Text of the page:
Living under Margaret Thatcher's rule in the early 1980s could be unsettling, exciting, and sometimes just plain baffling for an American. Britain in many ways was a total mess -- its economy in the doldrums, unemployment high, constant labor strife, terrorist attacks in central London, and people sensing that their best days were behind them. Yet here was this outspoken, unflappable, and supremely self-confident leader determined to take the entire country by the scruff of the neck and set it all right. She never lacked for an answer. Some of her answers may not have been right, but looking back, many of them were. At a time when there is so much bickering and self-doubt on this side of the Atlantic, it's good to remember how much difference a leader can make.
The Falklands War gave me my first taste of Thatcher resolution in the face of popularity polls or the conventional wisdom. It was early May 1982, and I was moving my young family to London while the British invasion fleet was making its way to the South Atlantic. We flew over on a Sunday, and the Washington Post that morning had detailed analyses from retired U.S. flag officers explaining why the British forces simply couldn't mount an amphibious assault to recapture the islands: They didn't have the landing vehicles, the air support, the equipment or the training. No, at best they'd have to blockade the Islands and hope they could force the Argentine forces to surrender.
Apparently no one told Prime Minister Thatcher. Within 45 days, the British neutralized the Argentine naval and air forces, landed their troops, and took back the islands.
The Falklands victory raised the spirits of British subjects enormously, and Thatcher went from being voted the most unpopular prime minister ever to being one of the most popular. But things back in England weren't all going so smoothly.
My first day on the job working at our small branch of my Washington law firm, I found that just getting to work on time was going to be a challenge. The office was in the City, and I got up early to walk to the bus stop looking for the red double-decker that would take me to Cannon Street Station. As I waited, the line grew longer and longer. After no bus of any sort had come for nearly an hour, I asked one of the Brits standing with me about the schedule and was told that unfortunately the union had decided to call a strike that morning. My new British friends seemed to take it all in stride, willing to wait as long as it took until something turned up (or didn't). Being an impatient American, I walked over four miles to work.
The next day, I bought a bicycle and from then on biked back and forth to work, never trusting when the next transit strike might hit. And it was a good thing I did. It seemed like some union or the other was calling a strike just about every day. And this was at a time when unemployment had reached levels not seen since the Great Depression of the 1930s -- 20 percent in Northern Ireland, 16 percent in Scotland and the Northeast, and 10 percent in the relatively affluent Southeast.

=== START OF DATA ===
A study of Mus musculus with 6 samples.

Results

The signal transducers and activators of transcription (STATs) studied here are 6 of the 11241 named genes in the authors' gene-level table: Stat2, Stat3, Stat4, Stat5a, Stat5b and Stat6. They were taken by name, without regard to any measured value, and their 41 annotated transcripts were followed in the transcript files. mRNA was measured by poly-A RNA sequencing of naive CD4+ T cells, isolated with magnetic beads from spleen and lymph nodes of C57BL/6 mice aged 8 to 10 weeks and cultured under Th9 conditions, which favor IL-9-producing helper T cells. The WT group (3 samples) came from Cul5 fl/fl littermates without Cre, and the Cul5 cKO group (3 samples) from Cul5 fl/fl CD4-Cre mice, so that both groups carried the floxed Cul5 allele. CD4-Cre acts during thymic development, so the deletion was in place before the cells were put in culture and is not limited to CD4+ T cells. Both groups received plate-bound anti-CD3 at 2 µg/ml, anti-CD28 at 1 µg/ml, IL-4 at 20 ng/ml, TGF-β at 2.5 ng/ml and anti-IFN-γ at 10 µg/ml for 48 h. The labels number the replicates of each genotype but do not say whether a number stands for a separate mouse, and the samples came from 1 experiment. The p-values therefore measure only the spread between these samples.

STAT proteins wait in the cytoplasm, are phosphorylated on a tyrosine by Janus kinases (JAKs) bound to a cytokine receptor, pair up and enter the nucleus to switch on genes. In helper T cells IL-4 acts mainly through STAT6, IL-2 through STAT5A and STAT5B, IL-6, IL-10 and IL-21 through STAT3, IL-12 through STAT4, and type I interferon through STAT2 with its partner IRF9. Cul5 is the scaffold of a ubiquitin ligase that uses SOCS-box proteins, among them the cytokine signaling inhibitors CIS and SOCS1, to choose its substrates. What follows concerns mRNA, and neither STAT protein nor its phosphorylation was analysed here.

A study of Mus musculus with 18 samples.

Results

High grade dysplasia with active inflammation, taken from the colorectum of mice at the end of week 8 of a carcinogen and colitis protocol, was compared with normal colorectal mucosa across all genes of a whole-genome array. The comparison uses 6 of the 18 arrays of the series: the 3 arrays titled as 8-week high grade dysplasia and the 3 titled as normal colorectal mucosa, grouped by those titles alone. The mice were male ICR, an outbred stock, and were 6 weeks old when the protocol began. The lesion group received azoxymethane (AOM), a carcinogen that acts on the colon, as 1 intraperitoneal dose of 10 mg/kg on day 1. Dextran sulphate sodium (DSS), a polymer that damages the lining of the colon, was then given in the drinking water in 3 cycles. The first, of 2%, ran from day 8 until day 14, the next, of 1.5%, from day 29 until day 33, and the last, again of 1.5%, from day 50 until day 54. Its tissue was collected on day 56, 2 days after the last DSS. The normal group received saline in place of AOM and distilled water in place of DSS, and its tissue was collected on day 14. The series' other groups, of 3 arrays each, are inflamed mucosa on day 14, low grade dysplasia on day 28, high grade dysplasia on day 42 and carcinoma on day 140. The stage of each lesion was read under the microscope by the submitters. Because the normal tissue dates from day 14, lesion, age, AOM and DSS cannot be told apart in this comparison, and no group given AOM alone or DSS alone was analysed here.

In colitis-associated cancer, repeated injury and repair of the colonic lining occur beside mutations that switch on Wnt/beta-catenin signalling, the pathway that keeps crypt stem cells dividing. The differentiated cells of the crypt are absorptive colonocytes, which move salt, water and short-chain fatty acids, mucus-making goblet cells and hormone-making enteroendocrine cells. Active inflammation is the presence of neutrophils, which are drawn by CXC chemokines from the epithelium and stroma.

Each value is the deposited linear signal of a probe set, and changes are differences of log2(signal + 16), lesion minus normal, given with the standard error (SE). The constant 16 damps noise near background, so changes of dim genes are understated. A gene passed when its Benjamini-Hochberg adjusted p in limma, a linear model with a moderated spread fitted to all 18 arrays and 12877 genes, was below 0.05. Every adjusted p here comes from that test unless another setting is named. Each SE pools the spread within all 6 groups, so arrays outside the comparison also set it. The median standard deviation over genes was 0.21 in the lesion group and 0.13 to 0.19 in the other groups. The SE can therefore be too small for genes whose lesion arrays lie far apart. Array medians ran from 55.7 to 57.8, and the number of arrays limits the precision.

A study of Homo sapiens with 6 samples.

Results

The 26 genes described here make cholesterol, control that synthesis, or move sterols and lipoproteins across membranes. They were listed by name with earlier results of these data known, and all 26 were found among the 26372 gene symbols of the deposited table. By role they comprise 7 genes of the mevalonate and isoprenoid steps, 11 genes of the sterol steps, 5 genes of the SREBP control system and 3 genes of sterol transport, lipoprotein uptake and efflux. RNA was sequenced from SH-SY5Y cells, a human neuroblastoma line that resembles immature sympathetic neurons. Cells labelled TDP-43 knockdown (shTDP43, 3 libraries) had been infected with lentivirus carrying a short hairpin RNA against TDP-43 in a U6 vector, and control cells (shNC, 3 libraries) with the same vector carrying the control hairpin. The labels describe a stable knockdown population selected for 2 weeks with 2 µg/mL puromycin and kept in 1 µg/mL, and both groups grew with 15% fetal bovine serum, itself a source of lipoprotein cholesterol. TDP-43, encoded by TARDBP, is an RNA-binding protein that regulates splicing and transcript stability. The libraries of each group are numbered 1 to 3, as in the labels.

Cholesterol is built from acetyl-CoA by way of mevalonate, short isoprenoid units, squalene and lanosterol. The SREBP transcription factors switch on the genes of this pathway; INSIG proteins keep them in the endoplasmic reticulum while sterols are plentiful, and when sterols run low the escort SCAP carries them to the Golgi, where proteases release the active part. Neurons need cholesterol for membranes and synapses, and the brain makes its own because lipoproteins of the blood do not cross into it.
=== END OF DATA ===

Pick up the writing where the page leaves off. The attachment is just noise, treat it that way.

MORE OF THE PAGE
Two months later, the Irish Republican Army set off bombs in Hyde Park and Regents Park one morning, killing eleven members of the British military and seven horses, part of the Royal Guards on their way to Buckingham Palace. The Hyde Park bomb exploded a few hours after I'd ridden my bike along the same route the Guards had taken.
In the face of the strikes and terrorism attacks, there was one thing the British people seemed to be united about: their hostility to the United States and our president, Ronald Reagan. This was at the time when the United States was about to deploy Pershing missiles in Europe, introducing tactical nuclear capability into the battle plan for a possible invasion by the overwhelming Soviet forces. Many of the Europeans I talked with were furious with the United States for even contemplating deploying the Pershing missiles. In the face of it all, Margaret Thatcher remained steadfast in her support of the United States.
It didn't stop there. Thatcher ran against Michael Foot the next year after she called an election in the aftermath of her popular victory in the Falklands. It wasn't enough for Foot that Britain oppose the Pershing missiles; he wanted total unilateral nuclear disarmament. And this was at a time when the Soviet Union appeared to the outside to be as powerful as ever. I was used to the partisan battles between Democrats and Republicans back in the United States, but I hadn't expected the candidate for Prime Minister from one of the two main parties to run on a platform that would have the government get out of the defense business and nationalize as much private industry as possible.
Perhaps the most baffling for an American in London back in those days was trying to get a grip on things by reading the press. Most of our news came from the papers, and there we saw the sort of extreme partisanship throughout the newspapers that we've now come to expect here in cable news. You could pick your newspaper according to your views just the way you can now pick your cable channel (or Internet news site).
Looking back on it now, it all seems inevitable. Of course Britain would wake up and break the stranglehold of the trade unions on its economy. Of course it would stand up to the bullies of this world, even if it meant going to war. Of course it would deal with the threat that was the IRA and come to political terms. But back in the early days of Margaret Thatcher's administration, none of it seemed inevitable -- at least not to those of us watching. But maybe it was to her.